When I was a youngster, I got my hands on a 1960s boy scout handbook and learned many interesting (if unnecessary) skills — such as how to escape quicksand, how to tie intricate knots, and how to cook an amalgamation of curious foods over a campfire.
The lesson that I found best suited to my personality, however, was the boy scout motto: be prepared.
As a lifelong schemer, I took this advice to heart and overprepared for countless aspects of my life. There were times, in fact, when I took so much time preparing that I never got around to doing the thing I was preparing for.
It took me a while to learn this, but sometimes the best way to do something is simply to do it.
It was with something of this spirit that my older sister and I set off on our first major trip together several years ago. Together with my nephew — a tenacious toddler of three — we bundled into a senior SUV with an arthritic transmission and a forgetful air conditioner and headed west.
In general, the trip had all the hallmarks of two inexperienced travelers with dubious planning abilities. Our first mountain trip, which was meant to be a celebration of remote peaceful wilderness, happened to coincide with one of the nation's biggest motorcycle rallies. In a SUV-turned-sauna, we spent what felt like a few years crossing South Dakota, sharing the highway with inexplicably irritated motorcyclists.
The reason for their irritation eventually became apparent when it was discovered that my nephew had taken it upon himself to unravel an entire roll of toilet paper out the open car window. It scattered across the landscape behind us like a mid-summer snowstorm, nearly blocking out the enraged expressions of the motorcyclists in the rearview mirror. Yet it was quickly forgotten when mountains reared out of the flat landscape before us.
Through a bug-stained windshield, we watched the mountains transform from blue shadows to hulking masses of stone that seemed utterly improbable to drive up. This improbability only grew when the transmission of that faithful SUV refused to shift out of second gear, and we slowly climbed the switchbacks at what can only be described as a ponderous pace.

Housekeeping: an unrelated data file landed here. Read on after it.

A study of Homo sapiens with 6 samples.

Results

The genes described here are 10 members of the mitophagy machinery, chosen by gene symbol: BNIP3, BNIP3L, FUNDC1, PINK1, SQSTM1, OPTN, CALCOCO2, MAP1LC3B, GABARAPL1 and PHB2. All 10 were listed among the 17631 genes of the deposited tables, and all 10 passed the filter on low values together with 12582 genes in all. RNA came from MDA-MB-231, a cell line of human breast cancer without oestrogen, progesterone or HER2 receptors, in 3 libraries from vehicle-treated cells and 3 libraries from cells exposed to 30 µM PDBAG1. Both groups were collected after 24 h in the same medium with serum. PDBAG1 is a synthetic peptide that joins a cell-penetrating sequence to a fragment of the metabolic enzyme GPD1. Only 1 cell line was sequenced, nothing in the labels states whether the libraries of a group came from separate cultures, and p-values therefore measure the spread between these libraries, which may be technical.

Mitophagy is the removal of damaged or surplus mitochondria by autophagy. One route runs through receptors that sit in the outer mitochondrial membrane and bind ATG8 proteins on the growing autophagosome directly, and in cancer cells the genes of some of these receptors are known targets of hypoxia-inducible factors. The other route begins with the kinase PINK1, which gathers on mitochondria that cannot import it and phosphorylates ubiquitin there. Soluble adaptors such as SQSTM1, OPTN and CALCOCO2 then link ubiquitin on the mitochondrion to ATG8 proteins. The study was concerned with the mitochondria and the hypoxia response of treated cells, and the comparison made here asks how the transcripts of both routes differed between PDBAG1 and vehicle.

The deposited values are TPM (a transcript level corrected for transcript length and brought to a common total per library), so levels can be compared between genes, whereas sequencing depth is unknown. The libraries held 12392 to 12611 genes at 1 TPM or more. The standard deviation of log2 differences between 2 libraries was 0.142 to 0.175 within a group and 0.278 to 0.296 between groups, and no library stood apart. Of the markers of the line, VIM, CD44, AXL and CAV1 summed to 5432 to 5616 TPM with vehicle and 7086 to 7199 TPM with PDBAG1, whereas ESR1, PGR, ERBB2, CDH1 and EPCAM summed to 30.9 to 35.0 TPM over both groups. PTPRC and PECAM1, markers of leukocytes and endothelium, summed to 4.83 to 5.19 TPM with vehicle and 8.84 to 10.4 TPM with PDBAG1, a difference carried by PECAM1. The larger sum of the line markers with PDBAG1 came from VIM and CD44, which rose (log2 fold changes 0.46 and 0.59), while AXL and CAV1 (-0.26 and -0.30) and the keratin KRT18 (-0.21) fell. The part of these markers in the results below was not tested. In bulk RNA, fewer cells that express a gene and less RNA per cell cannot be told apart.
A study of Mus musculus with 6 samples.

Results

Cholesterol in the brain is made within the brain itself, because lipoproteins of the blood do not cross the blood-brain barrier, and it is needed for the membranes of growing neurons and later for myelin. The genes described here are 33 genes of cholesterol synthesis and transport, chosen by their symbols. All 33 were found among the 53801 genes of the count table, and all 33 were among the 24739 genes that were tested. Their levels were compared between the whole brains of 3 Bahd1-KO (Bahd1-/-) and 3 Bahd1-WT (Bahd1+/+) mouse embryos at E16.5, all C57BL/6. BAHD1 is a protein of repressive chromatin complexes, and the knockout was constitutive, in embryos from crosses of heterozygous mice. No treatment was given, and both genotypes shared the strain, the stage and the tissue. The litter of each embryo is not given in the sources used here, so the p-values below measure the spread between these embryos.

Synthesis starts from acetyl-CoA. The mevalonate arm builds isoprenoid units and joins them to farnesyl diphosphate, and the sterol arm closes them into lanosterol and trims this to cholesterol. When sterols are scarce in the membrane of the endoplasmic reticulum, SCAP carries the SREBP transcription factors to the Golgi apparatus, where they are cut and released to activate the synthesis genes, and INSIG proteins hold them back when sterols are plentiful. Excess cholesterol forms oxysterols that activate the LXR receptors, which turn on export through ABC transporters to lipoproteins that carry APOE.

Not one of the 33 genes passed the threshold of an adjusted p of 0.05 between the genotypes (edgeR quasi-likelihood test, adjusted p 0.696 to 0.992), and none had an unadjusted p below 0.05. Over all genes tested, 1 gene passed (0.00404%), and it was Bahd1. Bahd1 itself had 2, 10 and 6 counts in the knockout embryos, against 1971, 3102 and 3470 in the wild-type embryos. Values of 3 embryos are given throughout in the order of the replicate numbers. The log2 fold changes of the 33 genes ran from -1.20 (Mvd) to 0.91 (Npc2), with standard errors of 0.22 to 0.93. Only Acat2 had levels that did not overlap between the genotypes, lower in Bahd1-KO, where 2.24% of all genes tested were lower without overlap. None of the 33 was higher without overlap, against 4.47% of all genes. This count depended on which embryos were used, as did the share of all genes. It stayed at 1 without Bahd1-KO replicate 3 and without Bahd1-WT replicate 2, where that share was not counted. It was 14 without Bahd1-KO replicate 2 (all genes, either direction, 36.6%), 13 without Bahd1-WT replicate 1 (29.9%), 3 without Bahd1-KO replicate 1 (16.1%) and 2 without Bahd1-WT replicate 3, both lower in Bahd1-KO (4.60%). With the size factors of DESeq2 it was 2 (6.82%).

There is a certain humility gained when you realize a lawn mower could probably summit the mountain quicker than the vehicle once described by a dealer as 'an extreme off-roading vehicle.'
Our first hike was a tremendous success, in that we survived and weren't too badly injured. My nephew indulged in a full body immersion in a mud puddle (some of which I believe he also consumed), a car door viciously attacked my finger, and we got mild altitude sickness at the breathtaking height of 8,000 feet above sea level.
The second hike was only slightly more successful. We became disoriented (sometimes referred to as lost) for three hours and walked over 13 miles on a trail that did not deserve the title, my nephew once again experimented with full attire swimming and was reduced to wearing my jacket tunic-style while his own wet clothing flapped sadly from our backpacks. I also slightly sprained an ankle.
Yet, somehow, we survived 14 days in those mountains and when we drove our exhausted bodies down the mountain (causing permanent brake damage to the SUV and inexplicably killing both headlights), our brains were filled with fresh memories of sights more breathtaking than we'd ever seen and dreams of returning.
The human brain is remarkably good at forgetting trauma, as can be demonstrated by the fact we have returned to those mountains and many others countless times over the years.
That tenacious three year old is now an unequivocal eight year old who has seen more of the world than either his mother or I could have imagined at his age. He still has a taste for unexpected swims and ruining more clothes than seems possible. He can now use full sentences to explain why it is unfair that we have taken him away from peacefully watching television to make him climb the country's most beautiful mountains.
We are now far less likely to get lost, and bringing the right gear (in the right quantities) is second nature. I learned a lot on that first journey west — lessons that are not limited to camping trips. It is good to be prepared, but sometimes you need to experience life in the raw to understand what you are preparing for.